Assisting Businesses with Chapter 7 Bankruptcy in Cook, DuPage, and Kane Counties
Shutting down a business warrants careful legal attention to avoid unexpected personal liability for any outstanding obligations. Regardless of whether your business is currently facing significant financial difficulties, Chapter 7 bankruptcy can be a valuable tool for ending operations, liquidating assets, and compensating creditors.
With 30 years of legal experience as an Elgin Chapter 7 business bankruptcy lawyer, Jim Young can offer you and your partners the guidance needed to safely navigate what can be a complex process. He offers hands-on representation and has a complete understanding of how filing can be used to safely close a corporation, limited liability company (LLC), or partnership. Jim is also prepared to assist sole proprietors who intend to leverage Chapter 7 to erase qualifying debt.
Declaring Bankruptcy as a Corporation, LLC, or Partnership in Illinois
When a company files for Chapter 7 bankruptcy, its leaders are essentially establishing their intent to go “out of business.” A business organization cannot discharge debt through this method of relief, and it cannot continue to operate after the case is over. If you are interested in saving a struggling business, you will need to explore Chapter 11 bankruptcy.
Upon filing for Chapter 7 bankruptcy, your company must immediately cease all operations. A trustee will be assigned to your case and liquidate all business assets. Proceeds will be used to pay outstanding obligations, with some creditors receiving priority over others.
By using Chapter 7 bankruptcy, you offer your business's creditors complete transparency, which can help avoid allegations of fraud or impropriety. You will not be directly responsible for selling assets and repaying creditors. The bankruptcy trustee will have a fiduciary duty to handle these matters, and every step of the process will be documented.
You should be extremely cautious about proceeding with Chapter 7 bankruptcy if you have any personal liability for business debts. There are several ways you could become personally liable for your organization's obligations, and you should discuss your circumstances with an Elgin Chapter 7 business bankruptcy attorney before moving forward to ensure you understand the risks. There may be safer ways to shut down your business and settle debts if there is any chance you could incur personal liability for company debts.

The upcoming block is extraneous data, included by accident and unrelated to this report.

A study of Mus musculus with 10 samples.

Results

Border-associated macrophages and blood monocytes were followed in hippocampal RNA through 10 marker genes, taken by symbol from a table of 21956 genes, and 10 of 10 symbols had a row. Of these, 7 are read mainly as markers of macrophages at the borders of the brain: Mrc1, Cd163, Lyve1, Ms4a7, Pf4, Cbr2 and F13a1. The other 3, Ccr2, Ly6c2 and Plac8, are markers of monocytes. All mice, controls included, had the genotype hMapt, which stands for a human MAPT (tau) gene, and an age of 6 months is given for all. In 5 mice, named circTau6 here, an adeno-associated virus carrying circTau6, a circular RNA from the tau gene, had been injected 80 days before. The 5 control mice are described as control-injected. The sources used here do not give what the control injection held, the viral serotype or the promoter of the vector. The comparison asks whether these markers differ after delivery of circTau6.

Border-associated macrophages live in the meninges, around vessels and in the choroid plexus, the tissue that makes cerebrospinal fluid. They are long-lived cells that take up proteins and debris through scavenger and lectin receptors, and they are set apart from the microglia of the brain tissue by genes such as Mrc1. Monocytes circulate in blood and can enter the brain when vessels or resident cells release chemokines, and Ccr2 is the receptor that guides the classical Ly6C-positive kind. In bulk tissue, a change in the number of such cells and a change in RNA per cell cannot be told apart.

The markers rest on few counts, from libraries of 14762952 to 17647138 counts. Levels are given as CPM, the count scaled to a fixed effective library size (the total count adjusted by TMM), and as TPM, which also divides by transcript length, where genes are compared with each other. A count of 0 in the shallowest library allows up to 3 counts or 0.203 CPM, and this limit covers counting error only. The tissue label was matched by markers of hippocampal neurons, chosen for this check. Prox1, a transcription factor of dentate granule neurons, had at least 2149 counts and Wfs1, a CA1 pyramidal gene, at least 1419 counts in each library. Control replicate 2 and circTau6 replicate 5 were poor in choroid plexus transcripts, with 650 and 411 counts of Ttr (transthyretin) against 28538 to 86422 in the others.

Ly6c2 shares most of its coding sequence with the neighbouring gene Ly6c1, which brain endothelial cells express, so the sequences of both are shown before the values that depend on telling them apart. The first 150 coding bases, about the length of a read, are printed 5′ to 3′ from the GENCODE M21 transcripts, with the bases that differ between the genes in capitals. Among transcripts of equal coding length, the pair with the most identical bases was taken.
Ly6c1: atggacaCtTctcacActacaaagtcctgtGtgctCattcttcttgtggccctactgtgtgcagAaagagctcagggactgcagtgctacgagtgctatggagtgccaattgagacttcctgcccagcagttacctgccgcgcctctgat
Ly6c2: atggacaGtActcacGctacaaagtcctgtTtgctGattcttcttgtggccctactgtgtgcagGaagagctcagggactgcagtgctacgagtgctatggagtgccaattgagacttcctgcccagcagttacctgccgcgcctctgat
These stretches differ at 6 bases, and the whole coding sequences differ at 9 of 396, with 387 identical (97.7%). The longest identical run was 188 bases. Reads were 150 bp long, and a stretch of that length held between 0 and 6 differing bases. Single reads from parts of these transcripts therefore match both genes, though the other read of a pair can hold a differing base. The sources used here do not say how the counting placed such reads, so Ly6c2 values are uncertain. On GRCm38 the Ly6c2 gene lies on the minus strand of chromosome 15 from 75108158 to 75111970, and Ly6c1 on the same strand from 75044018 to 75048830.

Declaring Bankruptcy as a Sole Proprietorship in Illinois
When you operate as a sole proprietor, you do not have a separate business organization. You and your business are inextricably linked and are considered the same entity in the eyes of the law. This relationship extends to your company's finances, which are not separated from your personal finances.
As a sole proprietor, you can file for Chapter 7 bankruptcy without necessarily shutting down your business. You can also potentially discharge qualifying unsecured debts, including personal and business-related credit card debt. However, there are limited scenarios where this approach is practical.
Because Chapter 7 bankruptcy involves the liquidation of non-exempt assets, you can easily lose the equipment and property needed to run your business as a sole proprietor. If you run a service-oriented business (such as personal training, motivational coaching, or music lessons), this may be less of a concern. Regardless, do not assume that you will be able to exempt and keep business-related assets. A legal professional can advise how Chapter 7 may impact your company's ability to continue operating.